IAEA representatives participated in the Sixty-Sixth World Health Assembly (WHA) at the World Health Organization (WHO) in Geneva to promote international efforts to address the growing challenge of non-communicable diseases (NCDs). During their consultations at the WHA, the IAEA delegation highlighted the role of nuclear and radiation techniques used to prevent, diagnose and treat NCDs, particularly cancer.
Employing nuclear techniques in the fight against NCDs has long been a focus of the IAEA's work in human health. WHO and IAEA established a Joint Programme on Cancer Control in 2009, and both organizations have been closely collaborating with the International Agency for Research on Cancer, as well as UN agencies as part of a task force created following the 2011 Political Declaration of the High-level Meeting of the UN General Assembly on the Prevention and Control of NCDs.
"The IAEA, as part of its mandate to promote the peaceful uses of nuclear technology, has more than 50 years of field experience in supporting its Member States to develop national capacity in the use of radiation medicine to diagnose and treat diseases, in particular cancer and other NCDs," said Rolando Camacho, Head of the IAEA's Programme of Action for Cancer Therapy (PACT). "Placing NCDs and cancer high on the development agenda is critical to drive the policy and resources needed for balanced investments in cancer control."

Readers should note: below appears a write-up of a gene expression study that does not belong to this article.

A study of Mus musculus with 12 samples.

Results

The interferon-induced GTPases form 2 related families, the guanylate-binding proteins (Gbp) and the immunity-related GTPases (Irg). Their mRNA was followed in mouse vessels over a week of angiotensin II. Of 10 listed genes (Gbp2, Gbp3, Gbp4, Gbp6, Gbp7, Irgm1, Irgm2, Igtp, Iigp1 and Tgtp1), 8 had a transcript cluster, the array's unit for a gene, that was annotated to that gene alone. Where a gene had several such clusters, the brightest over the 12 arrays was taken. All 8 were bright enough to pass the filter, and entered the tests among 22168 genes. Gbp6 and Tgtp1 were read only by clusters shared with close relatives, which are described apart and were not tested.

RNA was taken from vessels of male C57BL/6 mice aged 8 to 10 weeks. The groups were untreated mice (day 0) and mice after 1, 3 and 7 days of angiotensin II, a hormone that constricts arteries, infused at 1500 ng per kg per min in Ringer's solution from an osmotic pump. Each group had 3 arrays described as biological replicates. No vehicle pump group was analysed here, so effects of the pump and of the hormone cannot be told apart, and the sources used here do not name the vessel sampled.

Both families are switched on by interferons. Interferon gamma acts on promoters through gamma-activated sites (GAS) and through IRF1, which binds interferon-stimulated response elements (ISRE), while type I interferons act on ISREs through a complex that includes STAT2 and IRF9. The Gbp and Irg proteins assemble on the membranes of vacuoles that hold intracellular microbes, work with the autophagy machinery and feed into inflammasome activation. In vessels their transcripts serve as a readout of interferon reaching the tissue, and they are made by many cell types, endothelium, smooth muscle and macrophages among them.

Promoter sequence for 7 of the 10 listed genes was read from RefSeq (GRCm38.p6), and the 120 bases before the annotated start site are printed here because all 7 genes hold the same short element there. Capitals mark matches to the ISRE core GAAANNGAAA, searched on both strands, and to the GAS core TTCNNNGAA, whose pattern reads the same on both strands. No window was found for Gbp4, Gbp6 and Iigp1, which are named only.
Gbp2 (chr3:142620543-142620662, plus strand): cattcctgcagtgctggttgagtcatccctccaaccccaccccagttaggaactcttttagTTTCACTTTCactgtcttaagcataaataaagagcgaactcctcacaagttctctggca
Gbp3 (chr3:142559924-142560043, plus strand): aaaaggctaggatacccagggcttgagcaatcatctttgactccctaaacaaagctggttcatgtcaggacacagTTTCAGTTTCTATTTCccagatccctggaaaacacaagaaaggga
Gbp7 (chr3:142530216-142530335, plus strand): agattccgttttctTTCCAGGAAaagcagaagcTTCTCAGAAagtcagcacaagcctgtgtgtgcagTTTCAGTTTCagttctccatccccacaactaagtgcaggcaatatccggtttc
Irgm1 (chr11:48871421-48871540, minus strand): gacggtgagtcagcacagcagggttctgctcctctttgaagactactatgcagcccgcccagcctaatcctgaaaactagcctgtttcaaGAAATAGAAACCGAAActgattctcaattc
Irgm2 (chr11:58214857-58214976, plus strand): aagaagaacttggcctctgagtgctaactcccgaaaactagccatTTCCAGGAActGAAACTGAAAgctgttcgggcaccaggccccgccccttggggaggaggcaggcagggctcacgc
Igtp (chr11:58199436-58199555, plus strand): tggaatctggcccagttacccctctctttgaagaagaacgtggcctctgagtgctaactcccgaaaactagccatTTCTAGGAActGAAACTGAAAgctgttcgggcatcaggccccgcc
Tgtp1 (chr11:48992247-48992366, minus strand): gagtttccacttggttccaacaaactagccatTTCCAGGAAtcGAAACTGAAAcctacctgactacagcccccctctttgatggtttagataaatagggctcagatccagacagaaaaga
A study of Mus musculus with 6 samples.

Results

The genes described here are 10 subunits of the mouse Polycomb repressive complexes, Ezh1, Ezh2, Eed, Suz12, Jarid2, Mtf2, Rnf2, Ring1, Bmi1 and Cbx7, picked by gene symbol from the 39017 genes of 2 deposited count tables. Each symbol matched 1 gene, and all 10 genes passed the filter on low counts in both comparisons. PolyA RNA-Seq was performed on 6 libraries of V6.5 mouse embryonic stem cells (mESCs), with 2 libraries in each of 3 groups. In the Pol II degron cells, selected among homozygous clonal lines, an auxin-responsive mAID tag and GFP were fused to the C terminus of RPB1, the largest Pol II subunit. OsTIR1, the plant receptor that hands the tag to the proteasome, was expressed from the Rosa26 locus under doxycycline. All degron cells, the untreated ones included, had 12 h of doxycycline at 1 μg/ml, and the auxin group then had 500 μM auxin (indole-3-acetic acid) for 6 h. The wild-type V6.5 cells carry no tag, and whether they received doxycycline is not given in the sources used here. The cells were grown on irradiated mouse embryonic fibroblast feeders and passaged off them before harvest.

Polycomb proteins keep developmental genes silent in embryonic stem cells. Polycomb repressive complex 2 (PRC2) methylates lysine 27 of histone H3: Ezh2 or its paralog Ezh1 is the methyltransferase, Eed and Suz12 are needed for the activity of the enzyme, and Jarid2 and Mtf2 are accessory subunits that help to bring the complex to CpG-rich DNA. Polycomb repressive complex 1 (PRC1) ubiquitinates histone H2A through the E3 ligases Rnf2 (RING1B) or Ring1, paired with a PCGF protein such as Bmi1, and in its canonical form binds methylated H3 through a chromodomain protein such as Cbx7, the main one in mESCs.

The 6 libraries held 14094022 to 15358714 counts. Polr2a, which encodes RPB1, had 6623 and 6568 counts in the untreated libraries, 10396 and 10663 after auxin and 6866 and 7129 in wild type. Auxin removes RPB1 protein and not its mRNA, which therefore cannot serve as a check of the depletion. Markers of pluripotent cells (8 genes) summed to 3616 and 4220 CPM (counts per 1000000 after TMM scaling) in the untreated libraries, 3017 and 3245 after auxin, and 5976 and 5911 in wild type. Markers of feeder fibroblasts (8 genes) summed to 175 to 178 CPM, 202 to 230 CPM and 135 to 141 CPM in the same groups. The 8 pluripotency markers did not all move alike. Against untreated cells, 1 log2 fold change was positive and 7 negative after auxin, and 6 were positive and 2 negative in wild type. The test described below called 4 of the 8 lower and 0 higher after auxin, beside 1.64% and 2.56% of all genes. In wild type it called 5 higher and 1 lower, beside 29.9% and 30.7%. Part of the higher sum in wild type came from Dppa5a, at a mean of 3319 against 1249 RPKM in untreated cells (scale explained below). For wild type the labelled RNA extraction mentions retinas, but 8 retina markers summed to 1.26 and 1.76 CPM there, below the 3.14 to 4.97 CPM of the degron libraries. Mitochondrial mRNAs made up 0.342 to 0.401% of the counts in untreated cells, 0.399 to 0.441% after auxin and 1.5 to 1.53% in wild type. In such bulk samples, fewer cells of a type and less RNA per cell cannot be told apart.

The IAEA delegation to the WHA is composed of Rolando Camacho, Head of the Programme of Action for Cancer Therapy (PACT); and Najat Mokhtar, Head of the Nutritional and Health-related Environmental Studies Section.
"The IAEA encourages the use of stable isotope techniques to develop and evaluate interventions to combat malnutrition in all its forms, particularly in early life," said Ms. Mokhtar prior to the Assembly. "The IAEA's work in nutrition complements the work of UN agencies, NGOs and other major players in nutrition and health."
Delegates to the WHA will be voting on the adoption of a draft global monitoring framework to track progress in the prevention and control of major NCDs and their risk factors. Deliberation on a draft Action Plan for the prevention and control of NCDs 2013-2020 is also scheduled to take place during the Assembly. If adopted, these new measures would represent an important step forward for international efforts to prevent and control NCDs.
The WHA is taking place from 20 to 28 May 2013 in Geneva.